Thursday, April 30, 2009

Alfred Herbert's Schooldays

The Stoneygate Class Lists of 30th July 1880. Click to read. 'Herbert' is mentioned on both pages.

Alfred Herbert went to school at Stoneygate, a private school on the outskirts of Leicester with - in those days - some 50 pupils.

The class list for July 1880, when Alfred was 14, show him excelling at divinity, English and the sciences. In that year, he won the Class II prize jointly with another boy, as well as a music prize. He still had at least two or three years to go and was must have been top of Class I when he left. Interestingly, the boy next to him in class was William S Hubbard who excelled in maths, algebra and geometry and with whom he later went into business. Also, above him in Class 1 was David Gimson, who went on to be an accountant and in 1918 became the Financial Director of Alfred Herbert Ltd, only retiring in 1953.

Although Alfred was expected to go on to university and into the church when he left school, he met up with Hubbard, who had joined Joseph Jessop's Engineering Co in Leicester. Herbert was fascinated by what the small lathes at Jessops produced, so he persuaded his father to let him follow his friend's example. Subsequently he became an apprentice at Jessops and thereafter joined Coles and Mathews, a firm of engineers in The Butts, Coventry, which he later bought with Hubbard and which became the foundation of his own company, Alfred Herbert Ltd.

The 'Great Paul' being transported to London. Herbert and Hubbard took this as the logo of their firm.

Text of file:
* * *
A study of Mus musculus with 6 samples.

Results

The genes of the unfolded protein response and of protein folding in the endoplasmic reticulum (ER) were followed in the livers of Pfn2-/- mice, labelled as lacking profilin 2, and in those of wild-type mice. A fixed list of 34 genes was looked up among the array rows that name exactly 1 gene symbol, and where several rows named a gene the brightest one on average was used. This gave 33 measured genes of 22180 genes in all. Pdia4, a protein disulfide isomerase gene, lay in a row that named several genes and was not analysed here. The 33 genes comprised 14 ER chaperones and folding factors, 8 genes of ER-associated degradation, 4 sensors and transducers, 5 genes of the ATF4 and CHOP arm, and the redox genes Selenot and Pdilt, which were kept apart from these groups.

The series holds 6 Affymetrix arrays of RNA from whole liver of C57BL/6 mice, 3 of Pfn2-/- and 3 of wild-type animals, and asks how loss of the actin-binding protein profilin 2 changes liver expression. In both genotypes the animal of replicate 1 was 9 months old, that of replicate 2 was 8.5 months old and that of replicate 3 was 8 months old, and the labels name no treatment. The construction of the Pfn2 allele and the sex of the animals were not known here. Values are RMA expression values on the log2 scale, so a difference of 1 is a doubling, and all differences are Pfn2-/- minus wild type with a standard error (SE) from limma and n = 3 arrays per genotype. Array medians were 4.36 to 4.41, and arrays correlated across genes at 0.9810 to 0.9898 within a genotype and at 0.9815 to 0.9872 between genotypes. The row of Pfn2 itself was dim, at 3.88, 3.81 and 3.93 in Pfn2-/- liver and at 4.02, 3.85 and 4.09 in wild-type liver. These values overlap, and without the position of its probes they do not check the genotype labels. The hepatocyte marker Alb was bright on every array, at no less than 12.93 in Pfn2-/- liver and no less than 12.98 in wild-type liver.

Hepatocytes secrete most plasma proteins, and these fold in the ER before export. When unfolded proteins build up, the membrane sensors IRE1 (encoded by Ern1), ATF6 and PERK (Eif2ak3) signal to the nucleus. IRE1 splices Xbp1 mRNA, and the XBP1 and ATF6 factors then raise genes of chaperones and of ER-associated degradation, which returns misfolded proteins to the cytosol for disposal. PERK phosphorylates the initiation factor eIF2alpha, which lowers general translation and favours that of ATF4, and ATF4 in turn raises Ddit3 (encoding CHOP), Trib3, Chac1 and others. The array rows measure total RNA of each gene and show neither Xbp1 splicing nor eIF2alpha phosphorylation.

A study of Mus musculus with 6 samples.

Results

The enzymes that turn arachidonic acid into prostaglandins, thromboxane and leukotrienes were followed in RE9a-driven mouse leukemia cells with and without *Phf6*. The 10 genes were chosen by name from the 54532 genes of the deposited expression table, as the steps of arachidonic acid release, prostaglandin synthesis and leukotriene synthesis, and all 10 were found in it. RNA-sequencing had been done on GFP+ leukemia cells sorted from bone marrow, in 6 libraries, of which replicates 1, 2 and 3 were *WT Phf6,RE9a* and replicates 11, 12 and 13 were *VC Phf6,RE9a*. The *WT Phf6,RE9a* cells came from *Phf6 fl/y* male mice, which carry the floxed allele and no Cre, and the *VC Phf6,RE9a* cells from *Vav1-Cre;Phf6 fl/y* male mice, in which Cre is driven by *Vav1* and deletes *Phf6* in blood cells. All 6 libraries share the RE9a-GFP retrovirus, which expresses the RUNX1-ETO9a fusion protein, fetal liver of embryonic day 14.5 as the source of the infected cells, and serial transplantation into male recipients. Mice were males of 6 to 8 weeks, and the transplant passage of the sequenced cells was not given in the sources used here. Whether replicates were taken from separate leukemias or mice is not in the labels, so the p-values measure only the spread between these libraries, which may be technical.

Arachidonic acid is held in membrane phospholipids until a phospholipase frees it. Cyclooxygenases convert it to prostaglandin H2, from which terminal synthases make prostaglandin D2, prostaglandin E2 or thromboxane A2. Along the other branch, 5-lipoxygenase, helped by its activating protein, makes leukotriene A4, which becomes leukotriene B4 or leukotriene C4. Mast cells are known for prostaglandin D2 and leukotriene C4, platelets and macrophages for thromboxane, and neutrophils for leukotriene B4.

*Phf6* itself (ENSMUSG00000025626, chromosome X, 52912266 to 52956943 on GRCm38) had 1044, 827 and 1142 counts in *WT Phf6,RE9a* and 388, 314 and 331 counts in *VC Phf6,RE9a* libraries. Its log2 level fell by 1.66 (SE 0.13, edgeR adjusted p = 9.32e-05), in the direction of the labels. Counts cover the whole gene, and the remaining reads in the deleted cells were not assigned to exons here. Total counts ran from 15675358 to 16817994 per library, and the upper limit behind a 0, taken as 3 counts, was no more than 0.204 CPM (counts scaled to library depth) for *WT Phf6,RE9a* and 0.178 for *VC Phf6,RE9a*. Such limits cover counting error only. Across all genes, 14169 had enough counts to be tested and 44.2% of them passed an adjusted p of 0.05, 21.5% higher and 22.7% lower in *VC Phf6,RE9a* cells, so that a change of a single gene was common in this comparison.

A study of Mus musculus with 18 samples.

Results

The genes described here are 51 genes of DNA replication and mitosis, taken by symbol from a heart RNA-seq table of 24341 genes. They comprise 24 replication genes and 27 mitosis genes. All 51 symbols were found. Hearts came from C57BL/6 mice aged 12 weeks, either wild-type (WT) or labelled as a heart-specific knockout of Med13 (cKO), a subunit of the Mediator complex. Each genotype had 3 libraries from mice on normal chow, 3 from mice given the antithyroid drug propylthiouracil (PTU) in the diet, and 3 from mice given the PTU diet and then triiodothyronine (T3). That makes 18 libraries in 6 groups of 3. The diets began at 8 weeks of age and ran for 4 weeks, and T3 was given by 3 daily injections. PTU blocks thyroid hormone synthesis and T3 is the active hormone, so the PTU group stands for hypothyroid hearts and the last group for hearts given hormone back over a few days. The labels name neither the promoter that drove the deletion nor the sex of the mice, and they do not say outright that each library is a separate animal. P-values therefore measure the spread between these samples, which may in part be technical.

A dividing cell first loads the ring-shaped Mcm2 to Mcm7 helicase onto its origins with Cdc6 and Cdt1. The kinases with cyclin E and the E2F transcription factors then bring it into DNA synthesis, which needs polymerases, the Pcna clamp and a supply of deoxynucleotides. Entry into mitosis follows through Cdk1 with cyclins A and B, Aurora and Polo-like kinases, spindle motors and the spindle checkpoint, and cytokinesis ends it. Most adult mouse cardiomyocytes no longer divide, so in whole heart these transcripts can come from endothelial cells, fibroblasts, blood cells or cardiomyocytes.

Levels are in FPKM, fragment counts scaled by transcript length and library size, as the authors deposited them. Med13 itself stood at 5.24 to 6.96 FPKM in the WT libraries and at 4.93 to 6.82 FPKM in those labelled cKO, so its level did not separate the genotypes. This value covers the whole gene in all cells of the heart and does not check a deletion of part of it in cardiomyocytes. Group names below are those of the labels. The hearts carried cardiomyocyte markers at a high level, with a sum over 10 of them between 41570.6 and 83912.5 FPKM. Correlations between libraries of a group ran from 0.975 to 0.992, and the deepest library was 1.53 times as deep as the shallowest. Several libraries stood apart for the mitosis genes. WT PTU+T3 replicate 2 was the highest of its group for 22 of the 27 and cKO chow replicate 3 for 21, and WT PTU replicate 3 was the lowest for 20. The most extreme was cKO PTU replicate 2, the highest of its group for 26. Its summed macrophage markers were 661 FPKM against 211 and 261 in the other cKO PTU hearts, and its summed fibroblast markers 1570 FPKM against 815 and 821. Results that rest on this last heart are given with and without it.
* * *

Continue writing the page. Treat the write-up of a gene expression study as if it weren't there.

He must have been interested in engineering from an early age. In fact, a short memoir that Alfred wrote in 1954 recalled that during his schooldays he was fascinated by the transportation in 1882 of 'The Great Paul', a 17 ton bell for St Paul's Cathedral from Taylor's foundry in Loughborough by a special lorry built by Coles and Matthews - the firm he later joined in Coventry. He wrote that he was at Stoneygate as the bell passed the gates and that 'we boys were allowed to see the procession and I climbed on to the lorry and wrote my name in pencil on the bell'. The story continues: "It was an imposing cavalcade preceded by a man with a red flag. Then came two great traction engines hauling the bell, a caravan for the men to sleep in and a water-cart completed the train......At Fenny Compton the road gave way, so boiler plates and jacks had to be sent to the rescue. The journey took about a fortnight and ultimately the bell was safely delivered."